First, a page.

Conway Overplays IBM Deal

By John Pallatto  |  Posted 2004-10-04 Print this article Print

Besides the millions of dollars PeopleSoft has had to spend fending off Oracle, the company has seen its sales and revenue drop as customers stand aloof from making major new purchases until they find out whether the Oracle bid will succeed.

It is significant that Conways firing came barely a week after PeopleSofts annual user conference in San Francisco. Conway may very well have sealed his fate at that conference.

It could very well have been because Conway exaggerated the significance of a software-development alliance with IBM, estimating that the two companies would spend a total of $1 billion to integrate PeopleSoft applications with IBMs WebSphere middleware. It was Conway who voiced the $1 billion estimate. That figure wasnt specifically confirmed or endorsed by IBM executives.

They tried to stress that such an estimate did not represent cash investments by either company, but mainly the commitment of developer resources to integrate PeopleSoft applications with WebSphere. Whether the total expenditure would eventually amount to anything near $1 billion over the life of the alliance, IBM officials wouldnt say.

They didnt deny that the alliance was big deal, but they also tried to prompt analysts to keep it in perspective: IBM has alliances with hundreds of companies, including PeopleSoft arch-rival SAP AG.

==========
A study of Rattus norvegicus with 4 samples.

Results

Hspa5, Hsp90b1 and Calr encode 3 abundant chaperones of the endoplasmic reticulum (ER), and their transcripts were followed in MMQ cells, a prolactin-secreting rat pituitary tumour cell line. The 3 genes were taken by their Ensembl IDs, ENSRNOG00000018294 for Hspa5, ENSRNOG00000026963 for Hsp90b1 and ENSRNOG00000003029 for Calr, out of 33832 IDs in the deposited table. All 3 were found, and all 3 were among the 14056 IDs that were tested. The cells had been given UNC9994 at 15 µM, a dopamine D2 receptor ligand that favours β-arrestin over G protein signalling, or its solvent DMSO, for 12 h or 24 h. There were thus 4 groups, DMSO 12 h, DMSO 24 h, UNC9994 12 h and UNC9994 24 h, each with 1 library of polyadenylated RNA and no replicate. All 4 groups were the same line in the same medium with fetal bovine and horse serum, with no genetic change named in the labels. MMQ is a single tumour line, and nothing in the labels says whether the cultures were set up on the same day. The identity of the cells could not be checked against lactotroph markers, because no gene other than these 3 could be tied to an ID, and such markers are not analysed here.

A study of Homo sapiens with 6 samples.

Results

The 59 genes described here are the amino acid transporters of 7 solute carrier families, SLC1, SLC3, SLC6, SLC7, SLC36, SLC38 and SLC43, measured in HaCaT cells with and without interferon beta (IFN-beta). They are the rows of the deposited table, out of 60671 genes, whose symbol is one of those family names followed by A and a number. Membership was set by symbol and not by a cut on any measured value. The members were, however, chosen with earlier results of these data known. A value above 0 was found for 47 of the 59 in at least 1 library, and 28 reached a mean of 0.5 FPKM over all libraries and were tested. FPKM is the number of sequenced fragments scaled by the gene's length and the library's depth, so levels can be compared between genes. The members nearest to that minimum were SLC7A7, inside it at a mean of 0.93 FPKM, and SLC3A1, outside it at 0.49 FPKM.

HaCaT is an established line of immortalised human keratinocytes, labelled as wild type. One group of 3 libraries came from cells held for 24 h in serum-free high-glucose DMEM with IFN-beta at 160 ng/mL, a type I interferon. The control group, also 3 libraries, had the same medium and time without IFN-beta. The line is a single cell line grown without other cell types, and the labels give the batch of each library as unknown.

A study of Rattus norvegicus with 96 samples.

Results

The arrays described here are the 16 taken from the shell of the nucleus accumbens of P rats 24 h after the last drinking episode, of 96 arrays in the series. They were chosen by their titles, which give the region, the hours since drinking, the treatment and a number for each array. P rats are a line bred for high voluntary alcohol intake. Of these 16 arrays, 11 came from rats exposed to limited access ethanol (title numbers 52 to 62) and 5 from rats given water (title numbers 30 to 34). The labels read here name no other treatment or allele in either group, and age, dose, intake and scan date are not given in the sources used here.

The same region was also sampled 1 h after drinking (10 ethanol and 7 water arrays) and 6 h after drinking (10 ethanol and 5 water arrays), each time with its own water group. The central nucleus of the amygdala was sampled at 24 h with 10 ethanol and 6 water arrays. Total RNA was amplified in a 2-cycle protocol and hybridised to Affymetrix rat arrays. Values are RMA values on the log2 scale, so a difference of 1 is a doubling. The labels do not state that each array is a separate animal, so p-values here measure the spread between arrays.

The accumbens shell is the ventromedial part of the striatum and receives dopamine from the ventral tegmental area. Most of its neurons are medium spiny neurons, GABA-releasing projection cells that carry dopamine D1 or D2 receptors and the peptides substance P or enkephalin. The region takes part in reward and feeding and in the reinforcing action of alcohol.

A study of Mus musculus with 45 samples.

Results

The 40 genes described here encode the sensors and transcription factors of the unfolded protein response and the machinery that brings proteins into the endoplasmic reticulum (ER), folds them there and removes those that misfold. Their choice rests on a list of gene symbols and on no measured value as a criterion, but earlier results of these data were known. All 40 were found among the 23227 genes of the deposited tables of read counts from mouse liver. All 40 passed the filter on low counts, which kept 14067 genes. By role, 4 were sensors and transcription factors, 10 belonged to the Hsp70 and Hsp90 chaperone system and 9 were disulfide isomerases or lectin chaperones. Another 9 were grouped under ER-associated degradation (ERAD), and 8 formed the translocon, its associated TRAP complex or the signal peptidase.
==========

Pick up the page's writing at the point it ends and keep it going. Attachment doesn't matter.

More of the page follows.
Click here to read the entire interview with Buell Duncan, IBMs general manager of ISV and developer relations. The alliance raised speculation that IBM was standing in the background prepared to make a direct investment or perhaps acquire PeopleSoft as an alternative to Oracles $7.7 billion takeover bid. Talk of IBM as a potential "white knight" kept percolating, even though such an acquisition would fly in the face of IBMs steadfast policy of staying out of the software applications business. Such talk continued even as IBM executives repeatedly stated that the company had no interest in getting into the applications business.

PeopleSoft wanted its customers to leave the user conference ready to buy PeopleSoft applications—with the confidence that it would fight hard to stay independent. Instead, the IBM announcement only further muddied the water. Customers had to wonder whether PeopleSoft was serious about staying independent if it was even tacitly encouraging far-fetched speculation of an IBM buyout.

This very likely was the last straw for Duffield and for the PeopleSoft board. They decided that Duffields return as CEO was the last, best chance to win the battle with Oracle. But the company still has to play out the muddled hand dealt it by Conway.

In any event, dont look for Duffield to meekly beg Ellison for generous terms. Look for him to get out on the road to talk to PeopleSoft customers—and to try to convince them that the company still has the wherewithal to fend off Oracle and profitably market its software.

Its hard to believe that Duffield is ready to give up on the company he founded nearly 18 years ago. If he is willing to keep fighting the good fight, Duffield may prove to be PeopleSofts only viable white knight.